Opinion: 'UK's was an economic response to a health emergency' - a school principal from Northern Ireland

Declan Murray runs a boy’s secondary school in the North and says this week was beyond challenging.

Declan Murray

THE PAST WEEK has been the most testing of my career so far and perhaps unnecessarily so.

The decision to close schools in the Republic of Ireland on 12 March brought clarity to its citizens and addressed a growing worry brought about by the spread of the coronavirus.

This decision signalled the beginning of our troubles. Parents looked across the border and could see leadership, so they followed it. They phoned in almost as soon as the announcement was made and began withdrawing their children from school. Immediately we began planning for school closures in the North.

On Friday attendance levels dropped as more parents decided to keep their sons away from school. We awaited the message that was being delivered across Europe, close the schools.

The first message from the Minister for Education did not arrive until Friday at 6 pm, and the message was that schools would stay open.

If Brexit had us reimagining the border that had always been there but had faded since the Good Friday Agreement, the different responses to the coronavirus brought the border into sharp and frightening focus. One virus, one island, young people and teachers with identical needs but two very opposite responses.

Social media filling the void

We were told that schools would definitely be closing sometime in the future but we were given no idea as to when. In the absence of the leadership that was being shown across Europe, school leaders and teachers filled the void.

WhatsApp groups were created, meetings were arranged and ideas as to how to plan for the inevitable yet uncertain closure were shared. Leo Varadkar said in his St Patrick’s Day address that he was looking to see “what’s happening around the world and will learn from the experience of other countries”, some of us looked to the Republic to see how remote learning was being carried out.

We observed what apps, YouTube resources and websites were being used and copied them. By Monday it was clear that our pupils should not be in crowded places, play organised sport, go to their place of worship, take unnecessary journeys, their parents should work from home if possible but our school should open as normal on Wednesday.

The message from London

It appeared as if pupils and staff were being used as a human firewall against the virus so that their parents could continue to work. It seemed to be an economic response to a health emergency.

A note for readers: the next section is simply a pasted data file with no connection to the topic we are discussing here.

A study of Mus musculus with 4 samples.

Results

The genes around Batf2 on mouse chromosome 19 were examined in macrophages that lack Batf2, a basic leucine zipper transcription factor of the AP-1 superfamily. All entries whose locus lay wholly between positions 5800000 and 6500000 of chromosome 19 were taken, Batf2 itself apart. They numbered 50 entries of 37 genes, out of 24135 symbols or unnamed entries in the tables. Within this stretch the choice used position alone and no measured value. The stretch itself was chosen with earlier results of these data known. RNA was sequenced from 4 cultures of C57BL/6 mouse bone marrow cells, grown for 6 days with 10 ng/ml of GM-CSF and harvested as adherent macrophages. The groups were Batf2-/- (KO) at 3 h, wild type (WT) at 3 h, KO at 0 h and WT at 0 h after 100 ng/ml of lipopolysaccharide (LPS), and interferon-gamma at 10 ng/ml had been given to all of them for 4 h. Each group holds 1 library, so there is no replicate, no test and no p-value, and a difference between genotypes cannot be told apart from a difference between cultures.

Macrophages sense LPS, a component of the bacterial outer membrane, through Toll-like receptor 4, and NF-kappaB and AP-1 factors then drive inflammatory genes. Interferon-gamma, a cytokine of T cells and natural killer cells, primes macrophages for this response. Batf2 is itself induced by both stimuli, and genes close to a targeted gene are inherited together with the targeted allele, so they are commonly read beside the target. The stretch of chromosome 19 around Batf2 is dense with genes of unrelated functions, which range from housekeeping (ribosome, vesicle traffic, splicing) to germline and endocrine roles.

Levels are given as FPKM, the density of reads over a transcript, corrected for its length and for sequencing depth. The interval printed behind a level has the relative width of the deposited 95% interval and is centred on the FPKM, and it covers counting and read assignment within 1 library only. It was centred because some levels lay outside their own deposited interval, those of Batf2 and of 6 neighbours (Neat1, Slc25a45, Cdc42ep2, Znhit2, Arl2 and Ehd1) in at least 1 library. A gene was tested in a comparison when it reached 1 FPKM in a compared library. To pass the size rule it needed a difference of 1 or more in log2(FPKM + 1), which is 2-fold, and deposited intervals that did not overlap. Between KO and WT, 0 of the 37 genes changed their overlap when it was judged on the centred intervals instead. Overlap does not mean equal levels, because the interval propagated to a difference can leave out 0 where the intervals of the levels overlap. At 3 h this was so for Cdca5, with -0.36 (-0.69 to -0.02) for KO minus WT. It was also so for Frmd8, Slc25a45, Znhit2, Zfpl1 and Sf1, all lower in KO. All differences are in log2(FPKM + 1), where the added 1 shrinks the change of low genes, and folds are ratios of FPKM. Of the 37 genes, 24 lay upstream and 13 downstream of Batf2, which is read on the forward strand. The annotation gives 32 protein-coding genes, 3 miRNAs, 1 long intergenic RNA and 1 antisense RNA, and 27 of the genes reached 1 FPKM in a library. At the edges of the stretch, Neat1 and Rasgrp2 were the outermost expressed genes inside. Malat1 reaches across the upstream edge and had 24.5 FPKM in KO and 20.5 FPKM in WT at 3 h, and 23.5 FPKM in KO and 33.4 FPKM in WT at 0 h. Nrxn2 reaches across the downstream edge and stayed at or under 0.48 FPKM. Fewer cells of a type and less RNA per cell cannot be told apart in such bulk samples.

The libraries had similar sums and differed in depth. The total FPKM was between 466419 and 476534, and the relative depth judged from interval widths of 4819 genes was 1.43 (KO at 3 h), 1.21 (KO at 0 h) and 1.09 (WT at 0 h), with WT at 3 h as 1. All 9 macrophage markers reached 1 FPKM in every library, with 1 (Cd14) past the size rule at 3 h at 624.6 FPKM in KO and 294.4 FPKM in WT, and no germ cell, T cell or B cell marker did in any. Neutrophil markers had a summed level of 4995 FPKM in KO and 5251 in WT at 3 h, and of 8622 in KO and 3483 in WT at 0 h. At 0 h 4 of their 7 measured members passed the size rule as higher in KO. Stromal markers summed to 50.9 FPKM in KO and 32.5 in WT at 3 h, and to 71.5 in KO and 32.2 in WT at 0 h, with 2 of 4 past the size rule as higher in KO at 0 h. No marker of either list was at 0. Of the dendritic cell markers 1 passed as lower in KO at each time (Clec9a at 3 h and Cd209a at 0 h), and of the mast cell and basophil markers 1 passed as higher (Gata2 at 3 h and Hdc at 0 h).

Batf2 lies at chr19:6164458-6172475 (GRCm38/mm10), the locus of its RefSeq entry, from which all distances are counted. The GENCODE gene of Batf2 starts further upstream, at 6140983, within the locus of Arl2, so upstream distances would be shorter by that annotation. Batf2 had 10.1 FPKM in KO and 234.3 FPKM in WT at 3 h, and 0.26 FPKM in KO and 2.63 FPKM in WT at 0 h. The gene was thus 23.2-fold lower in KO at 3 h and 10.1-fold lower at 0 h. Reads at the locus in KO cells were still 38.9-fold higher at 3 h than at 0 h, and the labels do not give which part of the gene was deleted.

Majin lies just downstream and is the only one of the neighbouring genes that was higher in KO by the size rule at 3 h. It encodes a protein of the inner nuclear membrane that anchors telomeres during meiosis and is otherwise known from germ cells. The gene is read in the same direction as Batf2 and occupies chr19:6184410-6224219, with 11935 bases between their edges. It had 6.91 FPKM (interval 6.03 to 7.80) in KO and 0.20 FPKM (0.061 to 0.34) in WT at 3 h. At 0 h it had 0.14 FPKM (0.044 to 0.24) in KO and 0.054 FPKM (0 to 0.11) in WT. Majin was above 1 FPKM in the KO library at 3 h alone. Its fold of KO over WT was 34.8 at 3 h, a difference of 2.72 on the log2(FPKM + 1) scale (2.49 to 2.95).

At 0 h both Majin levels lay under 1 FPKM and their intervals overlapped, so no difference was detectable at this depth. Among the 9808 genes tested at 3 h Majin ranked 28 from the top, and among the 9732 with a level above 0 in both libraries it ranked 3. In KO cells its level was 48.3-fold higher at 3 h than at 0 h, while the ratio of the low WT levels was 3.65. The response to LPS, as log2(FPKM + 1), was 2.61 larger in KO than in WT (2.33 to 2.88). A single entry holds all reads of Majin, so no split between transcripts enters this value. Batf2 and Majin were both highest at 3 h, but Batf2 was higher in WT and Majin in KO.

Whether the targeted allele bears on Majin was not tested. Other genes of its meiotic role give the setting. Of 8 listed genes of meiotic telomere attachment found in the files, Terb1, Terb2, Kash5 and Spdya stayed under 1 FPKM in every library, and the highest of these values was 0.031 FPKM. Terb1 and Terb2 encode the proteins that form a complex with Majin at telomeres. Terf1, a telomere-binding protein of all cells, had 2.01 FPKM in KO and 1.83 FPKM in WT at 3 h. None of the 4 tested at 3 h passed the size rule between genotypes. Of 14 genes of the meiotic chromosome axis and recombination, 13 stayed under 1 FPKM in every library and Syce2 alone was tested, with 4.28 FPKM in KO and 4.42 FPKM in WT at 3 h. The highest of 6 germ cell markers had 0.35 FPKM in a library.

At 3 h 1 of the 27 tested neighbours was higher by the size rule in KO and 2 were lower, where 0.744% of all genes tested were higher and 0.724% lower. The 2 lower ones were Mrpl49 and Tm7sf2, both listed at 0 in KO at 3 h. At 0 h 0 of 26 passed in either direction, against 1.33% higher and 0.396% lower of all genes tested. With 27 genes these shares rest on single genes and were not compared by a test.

The decision was taken to close our school to pupils for the rest of the week. The vast majority of schools in the Newry area took the same decision. Some may put this down to Newry being a border area but this pattern was repeated across the jurisdiction.

On Wednesday morning we got ready for a staff briefing. We arranged the Assembly Hall using government advice on social distancing to protect the wellbeing of staff.

They were to sit two metres apart and the meeting would last no more than 15 minutes. Government advice was also to open the school as normal, with hundreds of pupils in a school built in 1958, with corridors not much wider than the minimum space between our staff. The ridiculousness of the situation was obvious.

Later that day UK Education Minister Peter Weir appeared before the education committee and repeated that schools would not close.

As the day progressed it became clear that this decision would be reversed, the feeling was one of relief and the realisation dawned that we might not be returning to school until August.

Staff said goodbye unsure as to when we would be returning, no hugs, no handshakes and no end of year celebrations. Just a strange feeling that we will not get the chance to say goodbye and good luck to our students. Will we ever see our final year students in the school blazer again?

Much to worry about

We are left with plenty of unknowns, which I’m sure is the case for all teachers throughout the north and south:

  • How will exams results be awarded?
  • Will the already stressful transition from primary to post-primary education be heightened?
  • How do we create a timetable for next year?
  • Will final year pupils be allowed to repeat?
  • And most importantly how do we deal with pupils who can no longer rely on the one hot meal they get every school day, how will pupils get by without the pastoral care provided by schools and friends who are in isolation should a loved one pass away?
  • What will the impact of massive job losses be on families who are already on the breadline?

What we do know is that in the absence of leadership people will come together to make their own decisions and that events on the other side of the border have a massive impact on life here.

Declan Murray is the Principal of St Joseph’s Boys’ High School in Newry. An 11-16 secondary school for boys.